When you’re caught up in the day-to-day of running a business, it’s way too easy to put long-term projects aside for more pressing matters. But leave long-term projects as perpetual second-class citizens on your to-do list, and they’re unlikely to ever get done. And that means your business is less likely to grow in any purposeful direction.
Read Why Emailing Feels More Productive Than It Is
For example, about a year ago I started working on a mailer to market my gift styling services to a specific industry to try to get new clients. I’m still not done. While the copy is written and I’ve started on the design, these many months later the mailer is still a long way from being sent out. Frustrated that I might see another season go by without making any progress, I decided I needed a detailed action plan.
Here’s how I’m starting to make headway (and how you can, too).
Break it up
Itemize the major steps, and then subdivide each one into even smaller steps until very basic.
For example, instead of simply “finish designing mailer,” my to-do list includes several steps under this line item, including “select paper.” “Select paper” is broken down even further to “research potential paper suppliers,” “visit suppliers and select samples” and “make mockups with samples to determine which works best.”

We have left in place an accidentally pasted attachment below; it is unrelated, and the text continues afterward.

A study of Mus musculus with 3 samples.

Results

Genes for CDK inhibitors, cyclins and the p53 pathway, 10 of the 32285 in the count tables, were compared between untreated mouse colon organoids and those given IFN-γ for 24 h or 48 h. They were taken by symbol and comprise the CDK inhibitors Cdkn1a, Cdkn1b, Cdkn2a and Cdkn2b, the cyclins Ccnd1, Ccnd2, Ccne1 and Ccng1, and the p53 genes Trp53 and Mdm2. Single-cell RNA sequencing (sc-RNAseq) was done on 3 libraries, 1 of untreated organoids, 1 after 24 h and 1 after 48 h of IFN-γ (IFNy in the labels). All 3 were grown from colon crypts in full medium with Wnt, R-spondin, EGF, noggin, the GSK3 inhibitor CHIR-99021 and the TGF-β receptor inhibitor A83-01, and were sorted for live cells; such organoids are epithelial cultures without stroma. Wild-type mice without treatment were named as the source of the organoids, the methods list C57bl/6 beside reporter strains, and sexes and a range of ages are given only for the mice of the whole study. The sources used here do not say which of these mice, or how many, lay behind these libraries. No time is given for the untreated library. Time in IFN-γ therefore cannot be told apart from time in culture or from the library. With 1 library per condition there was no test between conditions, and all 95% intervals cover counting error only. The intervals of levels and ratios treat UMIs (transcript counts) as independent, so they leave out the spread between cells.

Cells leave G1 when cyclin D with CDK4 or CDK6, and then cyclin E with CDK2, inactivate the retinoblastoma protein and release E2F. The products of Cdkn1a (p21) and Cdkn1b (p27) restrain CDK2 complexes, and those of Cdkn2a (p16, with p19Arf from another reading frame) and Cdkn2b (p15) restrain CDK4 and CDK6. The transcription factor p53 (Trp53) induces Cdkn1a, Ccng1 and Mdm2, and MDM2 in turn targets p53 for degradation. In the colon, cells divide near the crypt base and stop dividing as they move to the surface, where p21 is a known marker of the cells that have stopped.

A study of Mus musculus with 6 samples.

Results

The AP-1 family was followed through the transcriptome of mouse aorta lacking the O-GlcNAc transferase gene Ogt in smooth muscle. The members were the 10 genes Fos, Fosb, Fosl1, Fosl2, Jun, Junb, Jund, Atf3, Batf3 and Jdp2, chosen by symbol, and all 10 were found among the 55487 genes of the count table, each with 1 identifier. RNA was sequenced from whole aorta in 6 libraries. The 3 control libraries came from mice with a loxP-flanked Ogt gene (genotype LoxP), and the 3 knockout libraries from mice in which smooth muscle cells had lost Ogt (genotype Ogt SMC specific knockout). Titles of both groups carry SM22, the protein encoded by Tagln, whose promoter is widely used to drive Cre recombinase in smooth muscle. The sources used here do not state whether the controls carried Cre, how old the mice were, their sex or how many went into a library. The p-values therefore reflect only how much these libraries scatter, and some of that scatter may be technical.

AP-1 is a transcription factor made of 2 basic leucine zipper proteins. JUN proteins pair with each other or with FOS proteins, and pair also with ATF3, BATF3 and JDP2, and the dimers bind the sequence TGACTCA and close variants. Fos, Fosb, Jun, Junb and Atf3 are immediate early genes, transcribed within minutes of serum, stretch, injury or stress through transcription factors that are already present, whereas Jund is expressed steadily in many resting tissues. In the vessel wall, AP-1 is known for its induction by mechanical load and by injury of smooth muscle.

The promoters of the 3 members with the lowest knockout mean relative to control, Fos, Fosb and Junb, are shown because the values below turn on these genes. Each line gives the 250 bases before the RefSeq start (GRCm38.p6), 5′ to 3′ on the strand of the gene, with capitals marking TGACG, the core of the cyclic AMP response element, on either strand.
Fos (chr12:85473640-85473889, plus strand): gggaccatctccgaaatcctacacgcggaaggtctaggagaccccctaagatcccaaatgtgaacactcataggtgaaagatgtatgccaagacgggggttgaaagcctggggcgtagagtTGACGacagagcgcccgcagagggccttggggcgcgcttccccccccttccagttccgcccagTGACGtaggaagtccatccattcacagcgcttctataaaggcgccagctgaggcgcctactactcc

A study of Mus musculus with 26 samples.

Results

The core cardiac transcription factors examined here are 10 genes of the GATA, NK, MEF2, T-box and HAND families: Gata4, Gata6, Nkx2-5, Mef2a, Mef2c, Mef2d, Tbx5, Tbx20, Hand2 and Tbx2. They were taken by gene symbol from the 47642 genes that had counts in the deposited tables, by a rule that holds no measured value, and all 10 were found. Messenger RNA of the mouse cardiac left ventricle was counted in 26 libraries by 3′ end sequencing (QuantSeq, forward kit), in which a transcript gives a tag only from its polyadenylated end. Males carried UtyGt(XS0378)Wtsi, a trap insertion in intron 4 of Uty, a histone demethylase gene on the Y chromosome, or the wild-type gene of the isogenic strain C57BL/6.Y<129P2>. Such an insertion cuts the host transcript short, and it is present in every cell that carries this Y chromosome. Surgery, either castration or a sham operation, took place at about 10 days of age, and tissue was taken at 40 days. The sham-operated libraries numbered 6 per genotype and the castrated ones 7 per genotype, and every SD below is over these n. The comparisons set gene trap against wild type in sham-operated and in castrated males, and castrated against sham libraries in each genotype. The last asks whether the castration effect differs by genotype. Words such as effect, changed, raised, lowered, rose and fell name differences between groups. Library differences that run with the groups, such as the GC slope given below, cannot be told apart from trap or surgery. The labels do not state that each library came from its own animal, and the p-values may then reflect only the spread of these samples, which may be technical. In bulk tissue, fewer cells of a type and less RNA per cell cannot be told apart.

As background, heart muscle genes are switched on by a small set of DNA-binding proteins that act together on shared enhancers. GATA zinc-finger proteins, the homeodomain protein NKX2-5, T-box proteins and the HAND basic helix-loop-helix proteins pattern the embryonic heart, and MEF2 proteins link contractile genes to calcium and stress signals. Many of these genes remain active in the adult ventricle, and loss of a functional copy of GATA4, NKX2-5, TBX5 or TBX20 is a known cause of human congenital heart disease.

When an action item is too large, when there are too many undefined steps that have to get done, it’s easy to skip over a project because you’re stuck on where to start. Listing each tiny step takes the thinking process out of figuring out what to do next so you can just do it. Plus, such a detailed list also gives you a better idea of just exactly how long it will take to get a project done.
Once you’ve got a to-do list, create a work-back schedule and put everything into a calendar.
Part of the reason why I haven’t made much progress on the mailer is because that while the big, overwhelming item is on my to-do list, I haven’t set aside a specific time to do the tiny steps that will lead to finishing it. Working back from my desired completion date, I’ve given each milestone and action item its own deadline. By entering each step in a calendar, a large project doesn’t seem so insurmountable when all you have to do today is “visit one supplier to look at paper.”
By project managing larger goals and giving them time and priority over daily to-dos, I may actually — finally! — get somewhere. As long as I stick to the plan.
Corinna vanGerwen is a creative gift-wrapping consultant, sole owner and only employee of her eponymous home-based startup, which provides gift-wrapping services, training and workshops, as well as packaging services for marketing and events.